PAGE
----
Review by Eamonn
I visited that London again to get Ben Willsher to sign my ongoing Art of Dredd charity project book and popped into Orbital comics to check out their Pre-Code Horror gallery exhibit and to buy a couple of ancient Progs from their £2 box. Here is 218 from May 1981 with a Brian Bolland cover that is linked to a simple half page text story buried in the middle of the comic. It’s not one of the iconic Bolland images but it does have a nice Flash Gordon feel to it.
The first strip is Strontium Dog: Portrait of a Mutant part 11 by Alan Grant, Carlos Ezquerra and Steve Potter, and it’s lovely to see those jagged black edges on the panel borders that have made a major reappearance in the current Judge Dredd story. It’s an all action episode as young Johnny finally comes up against the oppressor of mutant-kind, Nelson Kreelman.
After a full page ad for some amazing train-spotting binoculars there’s a Steve Moore Future Shock with art by Mike White and letters by Pete Knight. The twist can be seen a mile off but it’s all done with the usual black and white verve and ends with a bit of fun.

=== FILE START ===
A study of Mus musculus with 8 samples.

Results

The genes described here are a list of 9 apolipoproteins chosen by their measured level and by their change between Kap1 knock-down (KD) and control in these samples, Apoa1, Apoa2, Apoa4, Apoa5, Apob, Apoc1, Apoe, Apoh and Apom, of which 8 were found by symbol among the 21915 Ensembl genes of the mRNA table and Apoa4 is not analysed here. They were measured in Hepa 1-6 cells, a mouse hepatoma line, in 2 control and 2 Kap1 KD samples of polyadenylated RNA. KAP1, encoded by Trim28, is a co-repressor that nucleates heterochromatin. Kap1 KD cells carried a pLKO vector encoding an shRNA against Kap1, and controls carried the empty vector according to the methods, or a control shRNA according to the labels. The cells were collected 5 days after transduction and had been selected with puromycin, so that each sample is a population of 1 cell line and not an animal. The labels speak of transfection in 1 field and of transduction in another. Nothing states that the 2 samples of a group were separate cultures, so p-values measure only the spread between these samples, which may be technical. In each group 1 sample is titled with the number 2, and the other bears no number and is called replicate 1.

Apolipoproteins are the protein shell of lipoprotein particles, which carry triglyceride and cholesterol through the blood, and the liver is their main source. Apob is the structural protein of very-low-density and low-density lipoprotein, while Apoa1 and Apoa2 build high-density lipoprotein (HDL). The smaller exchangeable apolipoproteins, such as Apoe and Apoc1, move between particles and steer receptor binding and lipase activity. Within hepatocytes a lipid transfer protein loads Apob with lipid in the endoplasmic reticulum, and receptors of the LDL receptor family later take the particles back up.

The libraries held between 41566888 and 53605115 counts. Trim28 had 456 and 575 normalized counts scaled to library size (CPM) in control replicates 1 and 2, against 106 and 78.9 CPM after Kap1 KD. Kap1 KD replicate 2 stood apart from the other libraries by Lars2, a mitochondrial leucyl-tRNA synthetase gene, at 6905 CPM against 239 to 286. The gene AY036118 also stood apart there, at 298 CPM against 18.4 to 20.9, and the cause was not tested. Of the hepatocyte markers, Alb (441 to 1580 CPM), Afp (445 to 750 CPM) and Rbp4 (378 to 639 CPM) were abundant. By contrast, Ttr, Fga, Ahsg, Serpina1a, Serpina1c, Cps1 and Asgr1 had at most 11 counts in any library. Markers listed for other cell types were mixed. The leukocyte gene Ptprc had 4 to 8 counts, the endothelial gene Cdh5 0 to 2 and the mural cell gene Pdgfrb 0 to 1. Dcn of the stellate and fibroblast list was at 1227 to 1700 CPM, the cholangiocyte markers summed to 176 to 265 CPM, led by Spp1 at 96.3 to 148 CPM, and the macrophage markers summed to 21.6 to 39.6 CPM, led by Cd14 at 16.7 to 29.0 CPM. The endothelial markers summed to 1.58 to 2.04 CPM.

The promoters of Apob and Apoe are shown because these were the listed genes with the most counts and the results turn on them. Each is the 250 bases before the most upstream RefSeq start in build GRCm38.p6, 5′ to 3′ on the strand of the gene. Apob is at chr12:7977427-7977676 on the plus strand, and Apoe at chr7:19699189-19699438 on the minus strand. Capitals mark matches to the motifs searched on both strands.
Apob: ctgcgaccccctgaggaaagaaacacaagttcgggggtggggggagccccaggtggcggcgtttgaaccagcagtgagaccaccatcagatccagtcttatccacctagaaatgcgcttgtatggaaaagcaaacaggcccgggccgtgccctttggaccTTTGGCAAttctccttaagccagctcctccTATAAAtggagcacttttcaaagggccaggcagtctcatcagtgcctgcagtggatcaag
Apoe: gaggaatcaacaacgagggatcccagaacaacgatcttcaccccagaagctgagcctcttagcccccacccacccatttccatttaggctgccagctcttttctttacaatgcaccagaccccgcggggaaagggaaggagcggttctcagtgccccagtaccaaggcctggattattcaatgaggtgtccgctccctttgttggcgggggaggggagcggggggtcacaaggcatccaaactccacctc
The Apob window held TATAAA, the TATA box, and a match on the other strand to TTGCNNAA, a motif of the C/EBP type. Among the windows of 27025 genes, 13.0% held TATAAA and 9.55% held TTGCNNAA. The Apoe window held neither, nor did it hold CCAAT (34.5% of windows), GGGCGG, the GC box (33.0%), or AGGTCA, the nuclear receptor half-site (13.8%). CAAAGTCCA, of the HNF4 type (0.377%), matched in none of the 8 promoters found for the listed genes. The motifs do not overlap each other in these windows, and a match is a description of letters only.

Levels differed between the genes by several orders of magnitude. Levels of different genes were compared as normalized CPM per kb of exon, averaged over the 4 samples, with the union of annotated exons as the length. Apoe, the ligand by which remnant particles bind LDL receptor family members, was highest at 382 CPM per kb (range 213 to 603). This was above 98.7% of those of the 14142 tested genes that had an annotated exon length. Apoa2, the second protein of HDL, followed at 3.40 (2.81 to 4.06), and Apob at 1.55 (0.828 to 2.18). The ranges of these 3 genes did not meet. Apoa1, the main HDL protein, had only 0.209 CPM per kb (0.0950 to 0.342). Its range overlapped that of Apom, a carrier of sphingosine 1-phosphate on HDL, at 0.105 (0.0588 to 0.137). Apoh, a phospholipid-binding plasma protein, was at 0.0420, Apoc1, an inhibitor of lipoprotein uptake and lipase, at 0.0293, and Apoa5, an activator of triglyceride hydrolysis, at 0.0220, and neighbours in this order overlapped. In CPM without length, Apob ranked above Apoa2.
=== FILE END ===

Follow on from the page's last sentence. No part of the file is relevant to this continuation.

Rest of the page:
The Nerve Centre has some high praise for Meltdown Man as well as details of the Buck Rogers stickers given away with this issue. That explains why every cover image I can find had sellotape on it, mine own included. There is also a half page ad for the battle holiday special which was probably worth picking up for Charley’s War alone.
Ron Smith gets the colour double page centre spread on Judge Dredd who is after Umpty dealers in a story written by John Wagner and Alan Grant, with lettering by Tom Frame. Classic Ron Smith mayhem ensues with one particularly lovely image of Dredd and a host of fellow Judges all on their Lawmasters.
The half page text story that explains the cover follows, along with a listing of the comic and science fiction convention going on in 1981. Now if only I had gone along and bought some original artwork back then.
Return to Armageddon is next by Malcolm Shaw, Jesus Redondo and Bill Nutttall and I’ve blogged about this elsewhere. And then it’s the weirdness of Meltdown Man as Nick Stone uses some unorthodox techniques to board a train to Snow City which he has to reach for some plot point or other. Written by Alan Hebden, art by Belardinelli and letters by Tony Jacobs, it’s more whacky and wonderful stuff from those heady days of the Prog.
On the back cover we get more Brian Bolland art although I suspect they are two images lifted from the first Judge Death story and then neatly coloured for this pin up version. The pick of the Prog has to be Judge Dredd with that wonderful Ron Smith art, and there is a Whittle circular panel count of two.